Whilst we in this place will undoubtedly miss him, the people who suffer most during this time are his family and close friends. Our thoughts and sympathies are with them, particularly his wife, Dorothy, and son, Kevin, during this period of bereavement. On behalf of the parliamentary ACT Labor Party, I extend my condolences to the Jeffery family.

MR COE (Yerrabi—Leader of the Opposition) (10.05): It is with great sadness, but also pride, that I rise today to speak in memory of a former member of this place, Valentine Max Jeffery OAM, AFSM. It was a year ago tomorrow, on 2 August 2016, that Val entered the Legislative Assembly for the first time as an MLA, making his maiden speech, after filling a vacancy in the Assembly. I believe he was the oldest person ever to deliver a maiden speech in an Australian parliament.

While Val only briefly held public office in this place, we are all aware that his pursuits in life before he entered the Assembly are why he will be so dearly remembered. He was a community leader in Tharwa, a passionate advocate for the ACT’s rural residents, a fearless firefighter and a stalwart of our community. While he was in the Assembly for only a brief time, Val certainly did not waste any time in making his opinions known. His raw honesty and his nature to pull no punches should be recognised by all of us in the Assembly today.

Val was born in December 1934 in Queanbeyan and, as he described in his inaugural speech, he lived through the Great Depression, the Second World War and the impact it had on the Tharwa community. In that speech he delivered here a year ago tomorrow, Val spoke passionately about Tharwa and what he regarded as a growing disconnect between government and the people. I quote from that inaugural speech:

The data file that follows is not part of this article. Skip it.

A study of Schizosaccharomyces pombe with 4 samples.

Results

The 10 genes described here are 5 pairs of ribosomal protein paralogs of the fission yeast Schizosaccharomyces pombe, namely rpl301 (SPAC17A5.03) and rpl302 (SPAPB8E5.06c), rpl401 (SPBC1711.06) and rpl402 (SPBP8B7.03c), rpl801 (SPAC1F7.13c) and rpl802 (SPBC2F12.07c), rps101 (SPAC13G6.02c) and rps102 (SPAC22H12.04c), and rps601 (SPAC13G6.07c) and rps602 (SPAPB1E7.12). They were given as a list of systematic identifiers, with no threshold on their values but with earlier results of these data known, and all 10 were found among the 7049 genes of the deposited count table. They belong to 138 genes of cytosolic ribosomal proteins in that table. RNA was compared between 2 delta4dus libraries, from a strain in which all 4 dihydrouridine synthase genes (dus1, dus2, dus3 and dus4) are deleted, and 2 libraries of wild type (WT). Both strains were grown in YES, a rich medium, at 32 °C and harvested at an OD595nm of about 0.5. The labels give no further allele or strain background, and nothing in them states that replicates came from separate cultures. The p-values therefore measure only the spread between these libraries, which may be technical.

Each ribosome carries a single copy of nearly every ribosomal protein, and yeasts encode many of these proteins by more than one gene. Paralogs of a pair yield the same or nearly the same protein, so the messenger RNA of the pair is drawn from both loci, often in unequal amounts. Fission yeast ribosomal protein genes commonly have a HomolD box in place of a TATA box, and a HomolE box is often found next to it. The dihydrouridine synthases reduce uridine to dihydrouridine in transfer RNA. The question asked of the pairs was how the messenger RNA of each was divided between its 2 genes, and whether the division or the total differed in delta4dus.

… Australia started moving from a population ingrained with get up and go after enduring a depression and two world wars to approach a generation of educated politicians and bureaucrats out of touch with the real world of those decades.

He went on to say:

… an active, vibrant rural community like Tharwa does not ask for much but expects a bit of respect, which has been completely lacking since self-government. Surely it is time for an ACT government to take a deep breath, open its eyes, look a bit outside the concrete bunker in Civic and recognise that there is an important rural part to the ACT.

As we are remembering Val today, these words should serve as an always timely reminder that we in this place are here to serve the people, not ourselves, and that the local government should not lose touch with its citizens, including rural citizens.

As a community man, Val played a leading role in numerous organisations in Tharwa, including the local progress association, the Tharwa community hall trust, the Tidbinbilla Pioneers Association, Junior Farmers in Tharwa and the Tharwa school board. He was also president of the Tharwa show society for many years. Of course, he also ran the general store for 60 years, taking over from his parents. In addition to being an accomplished dancer and poet, Val was also a keen shooter, and he played cricket and tennis.